How Do I Use Omega-3 for Antidepressant Withdrawal Symptoms?
Depression is the leading cause of disability among American adults, according to the National Institute of Mental Health. It's not surprising, therefore, that many people take antidepressants. While prescription antidepressants are often effective, some individuals suffer negative symptoms when they attempt antidepressant withdrawal, even experiencing depression relapse in some cases. In addition, some depressed people want natural ways to reduce mood symptoms, rather than antidepressants. Omega-3 fatty acids, which seem to alleviate depression in some people, seem a promising remedy. More research is needed, but omega-3s may be helpful if you suffer from mood problems and/or negative experiences with antidepressant withdrawal.
Eat more fatty fish, such as salmon, tuna, sardines, herring and trout. These fish are high in essential omega-3 fatty acids, a type of heart-healthy fat that also seems to benefit brain health and mood, according to MayoClinic.com. Include two to three servings of fish in your diet each week for optimal results.
Take fish oil. Another way to increase your omega-3 consumption is through pure fish oil. This is a liquid supplement widely available at health-food or nutrition stores, the dosage of which is generally 1 tsp. oil per day. Until more evidence is available regarding the efficacy of fish oil and omega-3s in reducing depression or antidepressant withdrawal symptoms, it's best to take fish oil along with following your doctor's recommendations for conventional treatment.
Omega-3 fatty acid and fish oil supplements are not regulated by the Food and Drug Administration and may not be appropriate for everyone. Get your doctor's approval before beginning any supplement.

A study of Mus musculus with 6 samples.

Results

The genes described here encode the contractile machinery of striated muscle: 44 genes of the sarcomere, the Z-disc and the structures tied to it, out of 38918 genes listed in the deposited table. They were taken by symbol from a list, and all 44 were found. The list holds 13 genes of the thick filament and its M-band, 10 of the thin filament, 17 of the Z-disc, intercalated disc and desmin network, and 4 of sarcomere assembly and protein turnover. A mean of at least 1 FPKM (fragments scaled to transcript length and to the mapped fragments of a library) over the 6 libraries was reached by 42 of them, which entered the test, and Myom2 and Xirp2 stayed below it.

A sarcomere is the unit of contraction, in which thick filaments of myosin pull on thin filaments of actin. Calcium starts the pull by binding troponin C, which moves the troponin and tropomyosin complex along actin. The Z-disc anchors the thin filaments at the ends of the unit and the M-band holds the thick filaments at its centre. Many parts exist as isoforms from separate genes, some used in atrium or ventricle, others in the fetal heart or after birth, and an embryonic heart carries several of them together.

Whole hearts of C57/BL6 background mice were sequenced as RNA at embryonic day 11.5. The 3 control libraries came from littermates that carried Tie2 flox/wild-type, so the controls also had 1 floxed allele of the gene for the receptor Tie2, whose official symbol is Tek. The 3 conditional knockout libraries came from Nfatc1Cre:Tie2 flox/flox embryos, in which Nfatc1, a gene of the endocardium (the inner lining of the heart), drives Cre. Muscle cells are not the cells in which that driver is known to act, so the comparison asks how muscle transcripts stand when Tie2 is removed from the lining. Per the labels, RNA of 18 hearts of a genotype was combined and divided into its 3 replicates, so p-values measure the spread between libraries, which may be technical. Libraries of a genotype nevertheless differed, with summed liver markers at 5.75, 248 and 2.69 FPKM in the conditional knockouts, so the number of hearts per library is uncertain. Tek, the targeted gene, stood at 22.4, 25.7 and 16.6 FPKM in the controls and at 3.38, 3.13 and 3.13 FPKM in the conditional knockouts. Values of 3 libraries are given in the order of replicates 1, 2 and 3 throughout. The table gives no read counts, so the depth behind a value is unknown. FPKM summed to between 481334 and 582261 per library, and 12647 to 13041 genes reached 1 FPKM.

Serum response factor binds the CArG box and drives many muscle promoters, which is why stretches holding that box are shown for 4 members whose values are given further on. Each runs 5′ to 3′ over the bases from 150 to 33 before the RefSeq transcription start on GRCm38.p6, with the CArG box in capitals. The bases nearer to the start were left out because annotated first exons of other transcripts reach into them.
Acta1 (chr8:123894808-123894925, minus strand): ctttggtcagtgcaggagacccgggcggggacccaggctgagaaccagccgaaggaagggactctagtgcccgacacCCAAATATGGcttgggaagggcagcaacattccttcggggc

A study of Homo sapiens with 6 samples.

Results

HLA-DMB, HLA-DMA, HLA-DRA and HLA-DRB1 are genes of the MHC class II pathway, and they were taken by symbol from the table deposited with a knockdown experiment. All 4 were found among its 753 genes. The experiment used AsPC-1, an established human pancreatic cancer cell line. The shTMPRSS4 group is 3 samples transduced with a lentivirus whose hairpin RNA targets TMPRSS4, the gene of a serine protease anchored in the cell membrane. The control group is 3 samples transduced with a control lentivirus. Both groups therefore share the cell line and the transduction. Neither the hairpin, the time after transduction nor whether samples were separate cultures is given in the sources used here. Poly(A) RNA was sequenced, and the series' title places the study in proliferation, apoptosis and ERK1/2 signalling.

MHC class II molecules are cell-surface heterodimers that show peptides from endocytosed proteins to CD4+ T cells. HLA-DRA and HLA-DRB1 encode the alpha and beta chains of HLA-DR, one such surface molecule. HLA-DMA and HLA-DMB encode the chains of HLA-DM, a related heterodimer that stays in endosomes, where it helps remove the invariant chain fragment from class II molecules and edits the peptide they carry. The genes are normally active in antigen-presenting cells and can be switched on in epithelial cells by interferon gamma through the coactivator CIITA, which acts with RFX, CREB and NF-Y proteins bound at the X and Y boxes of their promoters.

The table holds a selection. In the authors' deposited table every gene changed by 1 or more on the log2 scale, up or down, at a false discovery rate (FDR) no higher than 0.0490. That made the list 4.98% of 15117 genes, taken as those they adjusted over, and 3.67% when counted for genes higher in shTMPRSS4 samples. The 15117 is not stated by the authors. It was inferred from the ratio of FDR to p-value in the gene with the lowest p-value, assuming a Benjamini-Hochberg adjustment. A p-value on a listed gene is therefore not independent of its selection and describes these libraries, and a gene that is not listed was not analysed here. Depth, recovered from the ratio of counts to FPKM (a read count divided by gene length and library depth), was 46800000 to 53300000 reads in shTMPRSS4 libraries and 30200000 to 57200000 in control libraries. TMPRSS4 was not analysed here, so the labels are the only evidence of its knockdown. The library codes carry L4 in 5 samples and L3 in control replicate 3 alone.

Antidepressant withdrawal can cause serious withdrawal symptoms and, if not done properly and with expert guidance, can even be dangerous. Never take yourself off antidepressant medication without consulting your physician and seeking professional medical guidance.
- MayoClinic.com: Fish Oil Supplements: Can They Treat Depression?
- Omega-3 Fatty Acids. (2016). Retrieved January 18, 2018, from http://ods.od.nih.gov/factsheets/Omega3FattyAcidsandHealth-HealthProfessional/
- Jouris, K. B., McDaniel, J. L., & Weiss, E. P. (2011). The effect of omega-3 fatty acid supplementation on the inflammatory response to eccentric strength exercise. Journal of Sports Science & Medicine, 10(3), 432.
- Tartibian, B., Maleki, B. H., & Abbasi, A. (2009). The effects of ingestion of omega-3 fatty acids on perceived pain and external symptoms of delayed onset muscle soreness in untrained men. Clinical Journal of Sport Medicine, 19(2), 115-119.
- Parra, D., Ramel, A., Bandarra, N., Kiely, M., MartÃnez, J. A., & Thorsdottir, I. (2008). A diet rich in long chain omega-3 fatty acids modulates satiety in overweight and obese volunteers during weight loss. Appetite, 51(3), 676-680.
- Omega-3 Fatty Acids. (2016). Retrieved January 18, 2018, from
- Daley, C. A., Abbott, A., Doyle, P. S., Nader, G. A., & Larson, S. (2010). A review of fatty acid profiles and antioxidant content in grass-fed and grain-fed beef. Nutrition Journal, 9(1), 10.
- Covington, M. B. (2004). Omega-3 fatty acids. Atlantic, 1(2.0)
Shannon Hyland-Tassava has more than 16 years experience as a clinical health psychologist, wellness coach and writer. She is a health columnist for the "Northfield (Minn.) News" and has also contributed to "Motherwords," "Macalester Today" and two essay anthologies, among other publications. Hyland-Tassava holds a Ph.D. in clinical psychology from the University of Illinois.